DREAM THEATER Begins Recording New Album, Seeks New Label Home

DREAM THEATER drummer Mike Portnoy revealed during an appearance last night (Oct. 6) on the "Friday Night Rocks" radio show on New York's Q104.3 FM that the band has ended its longtime collaboration with Atco/EastWest Records/The Atlantic Group and is currently in talks with several labels about a possible new record deal. In addition, the group has entered a New York City studio with engineer Paul Northfield (RUSH, QUEENSRŸCHE, SUICIDAL TENDENCIES, MARILYN MANSON) to begin recording its follow-up to 2005's "Octavarium", tentatively due next April/May. A few excerpts from Portnoy's "Friday Night Rocks" interview follow:

On current label negotiations and new album recordings:

"We didn't wanna sit around waiting to close up the deal and deal with all the legal paperwork and all that, and have to wait until all that was done to start the record, so we booked the studio time — we wanted to start the record — so we started a month ago. But we've been meeting with lots of labels since we are here in New York [City recording], and I think we're probably days to weeks away from making a decision and making an announcement."

"We've done all of this pretty much on our own at this point. The labels thus far have… With the exception of our heyday 15 years ago, with 'Images and Words' and everything — other than that, we've pretty much just built this thing on our own, so it'll be amazing to see what we can do with a little bit of support."


On jamming with OVERKILL at a recent Gigantour stop in New Jersey and the possibility of doing a "heavy" side project in the future:

"Yeah, those guys [OVERKILL] are awesome. Man, I gotta do a heavy side project. I just love playing that heavy stuff.

"Me and Mikael [Åkerfeldt] from OPETH and Steven Wilson from PORCUPINE TREE, the three of us have been talking about doing something for a long time now, it's just been a matter of our schedules not working out, but I think it's inevitable that this project will come off in the near future, as soon as we can find a window that all three of us can together.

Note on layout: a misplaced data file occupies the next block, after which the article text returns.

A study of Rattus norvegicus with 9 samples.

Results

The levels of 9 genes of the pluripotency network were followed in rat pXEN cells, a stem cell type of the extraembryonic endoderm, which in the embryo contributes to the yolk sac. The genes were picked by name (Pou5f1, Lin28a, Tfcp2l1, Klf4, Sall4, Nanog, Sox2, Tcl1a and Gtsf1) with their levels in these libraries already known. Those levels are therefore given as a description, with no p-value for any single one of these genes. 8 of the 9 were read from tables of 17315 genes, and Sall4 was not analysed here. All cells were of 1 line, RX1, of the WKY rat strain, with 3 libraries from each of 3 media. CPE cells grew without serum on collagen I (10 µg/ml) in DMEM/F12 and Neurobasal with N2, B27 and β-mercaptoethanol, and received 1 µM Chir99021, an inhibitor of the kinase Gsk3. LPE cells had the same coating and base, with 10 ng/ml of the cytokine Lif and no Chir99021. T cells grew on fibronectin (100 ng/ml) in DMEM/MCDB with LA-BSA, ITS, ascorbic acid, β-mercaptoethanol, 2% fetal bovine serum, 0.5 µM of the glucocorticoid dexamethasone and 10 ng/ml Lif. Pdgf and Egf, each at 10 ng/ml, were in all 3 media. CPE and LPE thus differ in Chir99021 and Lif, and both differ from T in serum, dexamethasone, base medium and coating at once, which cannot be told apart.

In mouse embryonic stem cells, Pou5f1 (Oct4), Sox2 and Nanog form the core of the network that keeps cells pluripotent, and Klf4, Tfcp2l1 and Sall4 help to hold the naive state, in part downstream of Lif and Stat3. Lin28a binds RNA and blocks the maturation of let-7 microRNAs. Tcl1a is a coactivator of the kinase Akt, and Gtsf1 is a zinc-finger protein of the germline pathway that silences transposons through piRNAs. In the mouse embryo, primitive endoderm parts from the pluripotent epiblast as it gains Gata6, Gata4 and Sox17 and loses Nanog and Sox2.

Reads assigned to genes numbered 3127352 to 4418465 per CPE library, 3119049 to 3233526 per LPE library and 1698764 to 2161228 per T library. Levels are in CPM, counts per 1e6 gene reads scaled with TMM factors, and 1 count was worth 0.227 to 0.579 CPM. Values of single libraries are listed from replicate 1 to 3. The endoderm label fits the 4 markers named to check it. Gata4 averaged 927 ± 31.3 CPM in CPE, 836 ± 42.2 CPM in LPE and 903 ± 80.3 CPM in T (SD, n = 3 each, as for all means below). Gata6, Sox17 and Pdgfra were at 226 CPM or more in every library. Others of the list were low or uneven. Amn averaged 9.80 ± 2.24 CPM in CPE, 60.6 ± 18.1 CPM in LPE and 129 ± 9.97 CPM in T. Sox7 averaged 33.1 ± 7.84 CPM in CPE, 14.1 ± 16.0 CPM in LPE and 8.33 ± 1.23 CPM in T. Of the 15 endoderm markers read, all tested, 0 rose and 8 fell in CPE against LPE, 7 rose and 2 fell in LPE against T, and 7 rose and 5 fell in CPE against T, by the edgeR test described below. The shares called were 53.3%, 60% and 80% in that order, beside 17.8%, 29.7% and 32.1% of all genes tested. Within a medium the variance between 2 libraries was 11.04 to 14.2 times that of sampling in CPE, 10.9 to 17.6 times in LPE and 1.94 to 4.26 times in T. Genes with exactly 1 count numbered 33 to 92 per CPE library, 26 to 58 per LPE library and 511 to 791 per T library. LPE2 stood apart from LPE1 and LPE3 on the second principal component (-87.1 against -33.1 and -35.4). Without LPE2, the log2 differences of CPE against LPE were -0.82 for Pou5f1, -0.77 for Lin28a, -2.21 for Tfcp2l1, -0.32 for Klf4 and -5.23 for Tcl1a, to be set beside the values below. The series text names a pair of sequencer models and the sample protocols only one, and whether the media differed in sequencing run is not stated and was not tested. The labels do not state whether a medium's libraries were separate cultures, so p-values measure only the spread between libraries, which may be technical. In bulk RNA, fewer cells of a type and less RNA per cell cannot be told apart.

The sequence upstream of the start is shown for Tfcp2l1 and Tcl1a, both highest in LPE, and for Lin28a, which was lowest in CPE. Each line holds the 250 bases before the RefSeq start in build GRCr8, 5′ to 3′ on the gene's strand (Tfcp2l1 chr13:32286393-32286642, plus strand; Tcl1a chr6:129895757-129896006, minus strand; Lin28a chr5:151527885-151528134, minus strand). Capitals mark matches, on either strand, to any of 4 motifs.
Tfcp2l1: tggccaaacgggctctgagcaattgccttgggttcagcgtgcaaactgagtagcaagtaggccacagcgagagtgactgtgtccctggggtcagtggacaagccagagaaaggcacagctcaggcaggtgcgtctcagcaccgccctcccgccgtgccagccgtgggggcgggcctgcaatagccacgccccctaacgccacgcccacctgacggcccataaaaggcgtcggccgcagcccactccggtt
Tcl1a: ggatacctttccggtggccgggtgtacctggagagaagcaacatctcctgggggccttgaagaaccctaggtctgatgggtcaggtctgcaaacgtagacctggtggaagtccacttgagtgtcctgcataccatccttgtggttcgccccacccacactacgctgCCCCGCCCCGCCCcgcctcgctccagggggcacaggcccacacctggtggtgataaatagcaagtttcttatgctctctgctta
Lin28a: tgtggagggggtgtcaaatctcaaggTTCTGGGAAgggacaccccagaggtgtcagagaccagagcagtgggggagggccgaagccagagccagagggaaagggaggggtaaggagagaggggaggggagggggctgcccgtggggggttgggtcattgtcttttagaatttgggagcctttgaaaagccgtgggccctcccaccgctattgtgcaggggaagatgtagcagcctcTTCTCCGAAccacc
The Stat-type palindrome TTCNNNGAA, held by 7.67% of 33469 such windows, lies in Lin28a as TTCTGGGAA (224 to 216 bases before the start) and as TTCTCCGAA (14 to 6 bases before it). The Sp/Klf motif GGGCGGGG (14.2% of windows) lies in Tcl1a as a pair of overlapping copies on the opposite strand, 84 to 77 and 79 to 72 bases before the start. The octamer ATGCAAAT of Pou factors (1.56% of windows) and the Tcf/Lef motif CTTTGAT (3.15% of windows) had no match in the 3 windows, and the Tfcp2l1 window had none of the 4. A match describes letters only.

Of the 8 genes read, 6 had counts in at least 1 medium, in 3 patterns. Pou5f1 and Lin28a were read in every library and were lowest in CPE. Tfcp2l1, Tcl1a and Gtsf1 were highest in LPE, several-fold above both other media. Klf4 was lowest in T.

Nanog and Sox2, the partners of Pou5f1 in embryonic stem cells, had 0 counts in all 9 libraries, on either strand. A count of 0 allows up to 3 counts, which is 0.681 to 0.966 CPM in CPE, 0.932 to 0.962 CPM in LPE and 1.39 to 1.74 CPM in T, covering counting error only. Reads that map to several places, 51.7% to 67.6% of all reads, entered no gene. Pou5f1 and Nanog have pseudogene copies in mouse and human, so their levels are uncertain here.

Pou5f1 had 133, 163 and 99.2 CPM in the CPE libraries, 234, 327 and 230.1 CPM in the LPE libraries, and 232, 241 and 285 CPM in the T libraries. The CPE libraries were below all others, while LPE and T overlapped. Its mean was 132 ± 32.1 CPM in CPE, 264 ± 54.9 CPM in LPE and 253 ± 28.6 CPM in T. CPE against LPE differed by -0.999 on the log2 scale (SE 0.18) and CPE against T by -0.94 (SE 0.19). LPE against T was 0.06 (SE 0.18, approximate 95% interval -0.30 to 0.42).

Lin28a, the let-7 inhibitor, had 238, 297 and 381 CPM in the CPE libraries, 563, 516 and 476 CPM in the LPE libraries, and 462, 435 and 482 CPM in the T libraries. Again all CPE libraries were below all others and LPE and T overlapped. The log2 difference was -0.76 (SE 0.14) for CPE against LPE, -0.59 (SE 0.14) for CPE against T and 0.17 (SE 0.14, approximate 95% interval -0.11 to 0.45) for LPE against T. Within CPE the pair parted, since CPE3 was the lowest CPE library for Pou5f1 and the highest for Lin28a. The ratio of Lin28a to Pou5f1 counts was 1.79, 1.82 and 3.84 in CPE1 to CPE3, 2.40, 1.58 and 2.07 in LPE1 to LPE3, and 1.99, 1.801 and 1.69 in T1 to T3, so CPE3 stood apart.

"I've done so many projects through the years, but none of them were like a real metal project. I've done prog things or classic-rock things or — you know, OSI, TRANSATLANTIC, those were kind of more proggy — but I've never done like a real metal thing, and that's so much in my blood."

On spending a day with RUSH drummer Neil Peart recently:

"We did an interview together — an interview and a photo session — for a drum magazine in England called Rhythm. I haven't even announced this yet, but this is a really cool thing that I'm gonna be doing for Rhythm where they're letting me be the guest editor of an issue, and I get to interview and get together with several of my big influences. So I got together with Neil, I got together with Nick Mason from PINK FLOYD, [and] I'm gonna be doing Lars [Ulrich; METALLICA] and Bill Bruford [YES] next month when I get home from South America. Anyway, it's gonna be a really super-cool issue, and Neil was totally accomodating. As soon as I contacted him about doing this, he was totally on board — super-cool. We met and had a great time."

On never having met Peart before the recent get-together:

"It's funny. He's the one guy that's eluded me all of these years. I've met everybody — from Ringo [Starr], all across the board — but Neil was so elusive. All these years, I was thinking he was dodging me. I was starting to to take it personally. But he welcomed me with open arms. He was really, really cool. He's an incredibly cool guy."